A few months ago, my 17-year-old son announced a plan to go on holiday for a week in Portugal this summer with eight mates on his own. That’s not a contradiction, by the way. Yes, he was proposing going with eight mates, but he was also proposing going without his parents. So therefore, from his father’s point of view, he was proposing going on his own.
Now, in the past that suggestion would have been my cue to issue a few stern parental bromides designed to nip this clearly precocious scheme in the bud – designed, too, to throw a cloak of reason over my mortal panic at the thought that my son might be anywhere near old enough to be taking independent vacations.
And then I might have supported my case with a salutary moral story from the pages of history. Such as the fact that throughout my own childhood my family only ever went on two holidays. By which, I don’t mean that we alternated annually between two locations.
What I mean is that we only ever went on two holidays in total.
Those holidays in full: Cornwall and Somerset. Very nice, thank you for asking. Which is probably just as well, really, because it would have been a shame, in the circumstances, if they had been miserable – if it had rained, even, which I don’t believe it did, apart from during a somehow symbolic thunderstorm on the last night in Somerset. It was as if the gods themselves knew that, for the Smiths, the golden years of holidaying were finally over.
The reasons for this dearth were principally economic (there were six of us, so it was a bit of a stretch), but one should also factor in a strong congenital strand of basic incuriosity which didn’t seem at the time to be untypical of our region (Essex). I sometimes think it’s amazing that we got as far as Cornwall and Somerset, in fact. But certainly, when you’ve seen Cornwall and Somerset, you’ve seen it all.
So here was material I could have shared with my son, combining crisp, argument-ending dismissiveness with a stiff shot of perspective from the family album. Except I didn’t, because I was far more cunning. This, as it happens, is my middle child. And this means that, conveniently, I have some experience with travel schemes floated randomly by 17- year-olds – rock festivals in Croatia accessed by coach, mob-handed under-age descents on Amsterdam etc. I also have some experience of bridling instantly at their preposterousness and then finding myself in an argument. But I have also realised subsequently that you don’t need to. You don’t need to get into any kind of wearily rhetorical conversation about logistics. You don’t need to hear these boys set out their patently threadbare strategies for funding these ventures by babysitting and selling stuff on eBay. Because the simple fact is, these ventures aren’t going to happen.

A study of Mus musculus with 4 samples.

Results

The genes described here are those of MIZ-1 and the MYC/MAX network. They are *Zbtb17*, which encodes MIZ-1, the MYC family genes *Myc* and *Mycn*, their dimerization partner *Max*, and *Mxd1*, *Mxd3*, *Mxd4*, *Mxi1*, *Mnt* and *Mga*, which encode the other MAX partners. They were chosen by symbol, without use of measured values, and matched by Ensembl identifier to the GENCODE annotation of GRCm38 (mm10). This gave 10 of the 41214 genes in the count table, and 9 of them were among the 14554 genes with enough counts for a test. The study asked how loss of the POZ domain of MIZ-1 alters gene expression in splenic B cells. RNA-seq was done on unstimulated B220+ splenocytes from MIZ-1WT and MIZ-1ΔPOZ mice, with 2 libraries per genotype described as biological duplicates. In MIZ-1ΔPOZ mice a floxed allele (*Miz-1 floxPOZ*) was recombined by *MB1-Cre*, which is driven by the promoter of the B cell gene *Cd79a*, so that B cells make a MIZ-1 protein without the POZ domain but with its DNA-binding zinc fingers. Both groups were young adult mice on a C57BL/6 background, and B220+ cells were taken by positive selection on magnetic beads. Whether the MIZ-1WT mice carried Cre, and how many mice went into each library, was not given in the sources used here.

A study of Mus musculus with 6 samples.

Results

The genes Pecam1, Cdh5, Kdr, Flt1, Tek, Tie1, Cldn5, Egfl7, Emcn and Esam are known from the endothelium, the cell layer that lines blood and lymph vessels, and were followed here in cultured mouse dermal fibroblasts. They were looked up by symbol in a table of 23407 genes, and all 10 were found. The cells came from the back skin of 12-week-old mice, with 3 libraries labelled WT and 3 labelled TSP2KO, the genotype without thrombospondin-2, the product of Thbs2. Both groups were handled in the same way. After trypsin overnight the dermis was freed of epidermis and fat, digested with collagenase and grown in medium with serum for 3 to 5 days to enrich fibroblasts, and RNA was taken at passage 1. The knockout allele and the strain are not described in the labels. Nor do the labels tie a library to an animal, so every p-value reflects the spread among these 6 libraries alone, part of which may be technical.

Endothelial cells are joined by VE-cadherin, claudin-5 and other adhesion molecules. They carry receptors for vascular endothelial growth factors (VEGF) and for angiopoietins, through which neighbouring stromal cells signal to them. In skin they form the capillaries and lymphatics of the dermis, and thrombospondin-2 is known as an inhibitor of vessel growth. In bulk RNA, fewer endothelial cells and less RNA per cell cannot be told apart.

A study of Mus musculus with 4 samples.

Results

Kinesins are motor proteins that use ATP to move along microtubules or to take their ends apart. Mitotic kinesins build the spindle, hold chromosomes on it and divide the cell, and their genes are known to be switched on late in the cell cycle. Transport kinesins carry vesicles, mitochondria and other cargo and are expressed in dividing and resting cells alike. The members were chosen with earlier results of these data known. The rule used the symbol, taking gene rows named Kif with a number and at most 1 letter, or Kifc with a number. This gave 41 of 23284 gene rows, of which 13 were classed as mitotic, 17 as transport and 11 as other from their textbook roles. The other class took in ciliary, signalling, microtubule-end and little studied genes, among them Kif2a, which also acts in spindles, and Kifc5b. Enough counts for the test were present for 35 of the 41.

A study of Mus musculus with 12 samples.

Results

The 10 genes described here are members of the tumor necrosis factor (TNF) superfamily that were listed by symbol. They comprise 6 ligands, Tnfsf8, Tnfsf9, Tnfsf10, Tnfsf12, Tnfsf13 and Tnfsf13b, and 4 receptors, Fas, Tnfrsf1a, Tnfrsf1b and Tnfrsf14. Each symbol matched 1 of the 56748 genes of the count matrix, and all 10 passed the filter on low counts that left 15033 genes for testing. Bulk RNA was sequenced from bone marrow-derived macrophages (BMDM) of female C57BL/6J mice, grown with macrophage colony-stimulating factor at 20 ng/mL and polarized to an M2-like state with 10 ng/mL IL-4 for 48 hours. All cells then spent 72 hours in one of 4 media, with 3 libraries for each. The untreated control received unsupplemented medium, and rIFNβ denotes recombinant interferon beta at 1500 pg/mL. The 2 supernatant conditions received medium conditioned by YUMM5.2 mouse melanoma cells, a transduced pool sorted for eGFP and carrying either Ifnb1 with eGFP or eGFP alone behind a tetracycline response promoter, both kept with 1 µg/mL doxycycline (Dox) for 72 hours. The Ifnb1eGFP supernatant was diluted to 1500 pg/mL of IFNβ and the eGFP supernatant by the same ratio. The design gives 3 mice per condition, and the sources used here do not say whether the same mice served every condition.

They’re 17-year-old boys! Seventeen-year-old boys quite frequently struggle to organise their way out of the front door, and that’s a trip that doesn’t require flights and accommodation. Seventeen-year-old boys are constantly dreaming up fantastical projects that the world and its tedious, soul-crushing practicalities will duly smash to bits on first contact. That’s partly what being 17 is about.
So all you have to do at such moments, as a parent, is nod reflectively and say, “That sounds interesting. Let us know how you get on.” And then you leave it all to fall apart of its own accord.
Really, this is the sole piece of solid-gold parenting advice that I have to offer. No need to have the fight. No need to expend the energy. No need to come across as a disconnected old sad-arse, chuntering on about “my day”. No need to risk exposing the truth behind the prickly protectiveness stirred in you by these schemes, which is the knowledge – impossibly saddening when it catches you at the wrong moment – that you are quickly and unavoidably outgrowing your purpose.
“That sounds interesting,” I said to my son, those few months ago. “Let us know how you get on.” And then I sat back smugly to watch the whole plan wither.
Anyway, he’s just back from a week in Portugal with eight mates. Because they only went and got it together, didn’t they? While I just stood around nodding my bogus approval and waiting for the project to wreck itself.
What can I say? He appears to be undamaged. Me too, I guess. They didn’t even manage to lose the swingeing cash deposit that they were obliged to put down on the house they rented with the money they earned from babysitting and selling stuff on eBay. Deposit intact? After a lads’ holiday? Maybe they weren’t doing it right.
Might need to have a word with him about that. Will pick my moment, of course. It’s a tactical game.